In most cases, a newsletter’s focal point is the offers that it contains. In an ideal scenario, the best offer will provide something of value to the reader and will give the newsletter owner a tidy sum in return. However, in most cases readers will not bite even at the best offers. So how do you make an irresistible offer on your newsletter? Here are 3 ways:
Focus on Benefits Instead of Features
It doesn’t matter what kind of extra features or how many of them are available in the product or service that you are offering, the readers are only interested in the benefits. And to be frank, the average customer doesn’t have the time or the inclination to do the amount of research needed to connect the two.
For example, if you’re selling computers, the average customer doesn’t care if the product you’re offering has 3 terabytes of hard disk space and a Core i7-3770 processor. But they will pay attention if you tell them that they can store 1 million and 50 thousand songs on the hard disk and that the processor will help them save on energy bills because it’s very efficient. There are customers who are knowledgeable enough to know the benefits based on the features, but they’re the exception and not the rule, and they’re basically the type of people who seek out deals on their own (and therefore less likely to click on an offer.)
That’s not to say that your offers will be all benefits and no features. You should still provide features for the benefit of people who are skeptical of marketing pitches and promises, but don’t focus on them. Emphasize the benefits. The features are just there if people want to verify the benefits.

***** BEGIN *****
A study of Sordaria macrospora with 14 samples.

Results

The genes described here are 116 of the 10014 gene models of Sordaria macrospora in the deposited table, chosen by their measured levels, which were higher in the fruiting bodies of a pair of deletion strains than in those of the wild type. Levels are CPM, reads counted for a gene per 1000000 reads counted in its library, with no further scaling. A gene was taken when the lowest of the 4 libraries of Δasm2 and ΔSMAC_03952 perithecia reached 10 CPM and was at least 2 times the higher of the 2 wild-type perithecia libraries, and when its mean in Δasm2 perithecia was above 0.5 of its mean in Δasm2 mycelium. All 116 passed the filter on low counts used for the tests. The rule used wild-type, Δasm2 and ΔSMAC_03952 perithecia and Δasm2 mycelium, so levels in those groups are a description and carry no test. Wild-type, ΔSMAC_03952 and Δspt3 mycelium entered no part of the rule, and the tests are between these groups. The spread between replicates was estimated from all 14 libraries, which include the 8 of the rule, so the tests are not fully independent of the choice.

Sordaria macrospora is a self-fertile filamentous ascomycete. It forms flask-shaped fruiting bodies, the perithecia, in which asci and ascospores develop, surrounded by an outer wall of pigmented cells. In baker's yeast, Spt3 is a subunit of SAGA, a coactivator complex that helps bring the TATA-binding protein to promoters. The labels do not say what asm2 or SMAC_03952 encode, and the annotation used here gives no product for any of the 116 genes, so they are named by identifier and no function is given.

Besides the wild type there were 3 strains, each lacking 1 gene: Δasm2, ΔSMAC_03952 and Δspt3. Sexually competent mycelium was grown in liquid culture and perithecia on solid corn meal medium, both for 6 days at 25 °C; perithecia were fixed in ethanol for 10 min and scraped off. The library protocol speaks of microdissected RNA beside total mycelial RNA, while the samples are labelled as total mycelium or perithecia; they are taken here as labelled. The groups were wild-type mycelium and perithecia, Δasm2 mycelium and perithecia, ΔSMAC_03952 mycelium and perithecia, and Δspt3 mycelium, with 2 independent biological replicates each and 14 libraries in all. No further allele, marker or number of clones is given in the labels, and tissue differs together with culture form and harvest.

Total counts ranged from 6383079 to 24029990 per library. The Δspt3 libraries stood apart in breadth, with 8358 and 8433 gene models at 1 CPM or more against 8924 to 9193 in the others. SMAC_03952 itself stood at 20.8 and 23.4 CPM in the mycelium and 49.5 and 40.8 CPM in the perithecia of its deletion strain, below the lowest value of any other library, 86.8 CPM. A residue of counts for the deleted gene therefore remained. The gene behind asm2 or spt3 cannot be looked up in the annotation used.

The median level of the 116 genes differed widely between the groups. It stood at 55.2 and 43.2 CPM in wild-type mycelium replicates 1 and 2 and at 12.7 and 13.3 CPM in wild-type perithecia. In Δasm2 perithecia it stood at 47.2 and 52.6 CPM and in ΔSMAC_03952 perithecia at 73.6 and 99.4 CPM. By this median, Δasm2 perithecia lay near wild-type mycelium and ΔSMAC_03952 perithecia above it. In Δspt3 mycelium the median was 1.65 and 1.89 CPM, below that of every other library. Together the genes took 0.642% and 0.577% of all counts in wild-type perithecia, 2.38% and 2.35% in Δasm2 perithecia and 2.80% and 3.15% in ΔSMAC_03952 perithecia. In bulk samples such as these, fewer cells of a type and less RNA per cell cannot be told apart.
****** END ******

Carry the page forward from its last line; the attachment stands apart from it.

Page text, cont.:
Be Proactive in Minimizing Perceived Risk
For any offer, a buyer will always have a perceived risk. They know that the marketer wants them to buy and they understand that it could be enough motivation to lie or even garnish the truth. So they try to look at offers with a pessimistic view and are always on the look out for “the catch,” or what the marketer isn’t telling.
Even if you are the most likable person in the world, there’s no way you can prevent a buyer from this mindset. It’s the natural order of things. But you can be proactive and minimize it by doing two things: first is be upfront about any risks that the offer could bring. Second, you give a guarantee that will mitigate any effects of the risk. For instance, if you’re selling an exercise machine, the risk is that it might not work and the buyer will not lose weight. So you state that this is a real risk, but also counter it by saying that you’re confident of the machine that you’re willing to offer a full refund if the buyer doesn’t feel any effects after a set period of time. This works really well because you confirm their fears and concern while also ensuring that they won’t have to be worried about the risks.
As mentioned above, people are generally distrustful of marketers and salespeople. They almost always expect that anything you say is just designed to get them to buy stuff, so it’s not very credible. You know who they trust? Other buyers. People in the same position as them. So if you want to bypass that natural distrust, get testimonials from other buyers. Your existing customers will be in a better position to promote your product and assuming that you’re not scamming anyone, satisfied customers are willing to provide a good word or two on your behalf.